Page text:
Culinary scholar Michael Twitty shows how our history is baked into our food
Michael Twitty, culinary historian and renowned food blogger, is the first Black author to garner the James Beard Award for Writing. Known for weaving together memoir, genetic research, historic interpretation, nature study, heirloom gardening and interviews, Twitty connects food, ancestry and cultures.
His book, “The Cooking Gene: A Journey Through African American Culinary History in the Old South,” traces Twitty’s African American ancestry through food from Africa to America to examine the tensions surrounding the origins of soul food, barbecue and all Southern cuisine. The author is coming to Seattle Jan. 24 to share his experience and insights as part of the UW Public Lectures series.
Twitty started writing “The Cooking Gene” during the Obama administration and published it during Trump’s first year in office. The changing political circumstances prompted his own reassessment of racial legacies at a moment of national transition.
Over a recent phone call, Twitty described his memoir as about being vulnerable and “challenging yourself and your neighbor to acknowledge what being American really is. The fact that we’re interdependent.”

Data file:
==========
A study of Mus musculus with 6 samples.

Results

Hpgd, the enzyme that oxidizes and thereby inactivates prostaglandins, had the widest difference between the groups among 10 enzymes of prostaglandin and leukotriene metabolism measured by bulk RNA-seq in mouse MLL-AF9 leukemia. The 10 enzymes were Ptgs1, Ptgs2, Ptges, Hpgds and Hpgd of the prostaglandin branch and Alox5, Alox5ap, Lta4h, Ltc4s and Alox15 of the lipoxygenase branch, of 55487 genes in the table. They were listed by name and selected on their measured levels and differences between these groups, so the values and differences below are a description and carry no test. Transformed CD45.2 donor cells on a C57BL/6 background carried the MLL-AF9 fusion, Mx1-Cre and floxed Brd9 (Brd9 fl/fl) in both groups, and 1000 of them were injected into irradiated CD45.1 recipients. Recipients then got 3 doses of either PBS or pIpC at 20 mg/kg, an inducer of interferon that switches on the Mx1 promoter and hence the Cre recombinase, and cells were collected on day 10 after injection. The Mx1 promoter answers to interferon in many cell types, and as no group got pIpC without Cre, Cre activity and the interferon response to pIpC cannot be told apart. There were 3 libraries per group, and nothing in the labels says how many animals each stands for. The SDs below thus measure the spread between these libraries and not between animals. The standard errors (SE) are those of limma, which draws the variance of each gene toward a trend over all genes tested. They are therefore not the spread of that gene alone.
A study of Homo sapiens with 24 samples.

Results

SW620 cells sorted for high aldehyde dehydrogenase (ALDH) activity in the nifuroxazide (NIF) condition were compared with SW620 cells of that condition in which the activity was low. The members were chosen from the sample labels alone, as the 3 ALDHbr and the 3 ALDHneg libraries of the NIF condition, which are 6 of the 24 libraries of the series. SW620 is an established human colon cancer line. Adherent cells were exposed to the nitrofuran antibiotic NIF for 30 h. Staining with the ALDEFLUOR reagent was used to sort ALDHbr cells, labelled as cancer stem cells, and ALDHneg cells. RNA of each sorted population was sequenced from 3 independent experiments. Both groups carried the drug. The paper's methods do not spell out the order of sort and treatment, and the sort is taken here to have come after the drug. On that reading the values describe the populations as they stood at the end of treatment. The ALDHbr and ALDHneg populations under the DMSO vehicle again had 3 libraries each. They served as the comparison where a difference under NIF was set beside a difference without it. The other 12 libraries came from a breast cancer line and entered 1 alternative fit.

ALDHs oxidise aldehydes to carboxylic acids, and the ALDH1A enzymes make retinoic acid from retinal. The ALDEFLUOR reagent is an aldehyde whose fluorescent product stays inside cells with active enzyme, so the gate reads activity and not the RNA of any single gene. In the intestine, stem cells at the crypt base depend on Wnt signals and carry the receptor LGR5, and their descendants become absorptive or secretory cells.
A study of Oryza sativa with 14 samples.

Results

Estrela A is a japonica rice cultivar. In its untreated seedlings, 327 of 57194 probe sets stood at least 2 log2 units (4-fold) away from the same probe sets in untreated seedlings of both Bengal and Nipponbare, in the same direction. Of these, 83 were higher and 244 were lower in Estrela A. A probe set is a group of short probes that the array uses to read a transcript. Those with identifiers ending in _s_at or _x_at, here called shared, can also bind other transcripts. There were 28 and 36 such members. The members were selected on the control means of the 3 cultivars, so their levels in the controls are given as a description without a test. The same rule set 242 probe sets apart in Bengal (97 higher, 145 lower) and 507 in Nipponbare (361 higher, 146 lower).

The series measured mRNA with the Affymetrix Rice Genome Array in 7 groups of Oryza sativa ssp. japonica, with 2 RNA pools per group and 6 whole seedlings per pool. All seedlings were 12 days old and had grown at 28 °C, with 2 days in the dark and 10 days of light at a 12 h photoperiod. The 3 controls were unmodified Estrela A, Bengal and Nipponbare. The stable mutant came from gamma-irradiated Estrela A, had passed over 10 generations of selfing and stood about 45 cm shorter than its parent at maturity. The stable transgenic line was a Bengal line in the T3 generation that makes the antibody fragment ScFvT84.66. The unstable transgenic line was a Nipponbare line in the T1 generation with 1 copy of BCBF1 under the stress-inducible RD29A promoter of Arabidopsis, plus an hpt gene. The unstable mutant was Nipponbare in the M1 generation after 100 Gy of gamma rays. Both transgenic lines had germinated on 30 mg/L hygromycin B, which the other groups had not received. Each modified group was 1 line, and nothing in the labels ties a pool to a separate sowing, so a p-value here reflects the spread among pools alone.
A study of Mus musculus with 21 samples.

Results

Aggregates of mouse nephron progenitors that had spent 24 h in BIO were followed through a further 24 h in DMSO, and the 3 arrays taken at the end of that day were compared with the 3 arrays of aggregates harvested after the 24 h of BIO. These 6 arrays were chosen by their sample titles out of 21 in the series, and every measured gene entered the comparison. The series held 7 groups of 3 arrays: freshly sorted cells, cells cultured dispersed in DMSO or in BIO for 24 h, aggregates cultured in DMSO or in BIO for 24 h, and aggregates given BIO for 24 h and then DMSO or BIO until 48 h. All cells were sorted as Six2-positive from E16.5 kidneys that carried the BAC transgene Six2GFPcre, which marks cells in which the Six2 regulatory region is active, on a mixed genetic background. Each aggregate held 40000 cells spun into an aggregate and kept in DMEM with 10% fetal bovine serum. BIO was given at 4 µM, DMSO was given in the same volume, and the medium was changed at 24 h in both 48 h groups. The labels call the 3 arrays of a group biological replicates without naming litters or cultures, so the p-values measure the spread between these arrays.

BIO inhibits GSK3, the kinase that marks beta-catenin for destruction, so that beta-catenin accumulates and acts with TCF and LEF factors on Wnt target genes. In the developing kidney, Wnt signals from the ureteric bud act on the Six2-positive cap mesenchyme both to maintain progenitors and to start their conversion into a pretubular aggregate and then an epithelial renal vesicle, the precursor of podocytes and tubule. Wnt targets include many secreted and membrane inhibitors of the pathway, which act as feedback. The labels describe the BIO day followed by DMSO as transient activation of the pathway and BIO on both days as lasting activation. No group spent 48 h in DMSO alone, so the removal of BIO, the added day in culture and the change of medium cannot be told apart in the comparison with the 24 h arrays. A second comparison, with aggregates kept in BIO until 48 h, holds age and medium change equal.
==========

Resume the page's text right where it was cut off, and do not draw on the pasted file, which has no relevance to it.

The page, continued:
“Twitty’s book helps the reader to recognize fully the legacy of slavery that hangs on the American polity as an unpaid debt,” says Ann Anagnost, the professor of anthropology who nominated Twitty for the UW guest lecture. “It is a work that both challenges our understanding of the past while also offering us a vision for racial healing.”
As part of his talk, Twitty will touch upon his newest book, “KosherSoul,” an uncommon exploration of African-Jewish cooking. He uses interviews as a dialogue between diasporas to trace centuries-old Black Jewish lineages in Africa, the Middle East, the Caribbean, South America, Europe and historic Black Jewish communities across the U.S. In reflecting on both of his books for the Seattle audience, he will blend various stories of migration and how those journeys tie back to food.
Twitty’s signature literary style reflects his resistance to writing about food and culture with a stereotypical approach. Rather than limiting himself to writing about foodways through the lens of trauma, he embraces intellectualism.
“I wanted to be a nerd like everyone else,” he says. Growing up with books, movies and documentaries, he found himself wanting to bring together everything that shaped him. “It’s about that weaving,” he says. “Why do only white girls get to write ‘Eat, Pray, Love’?”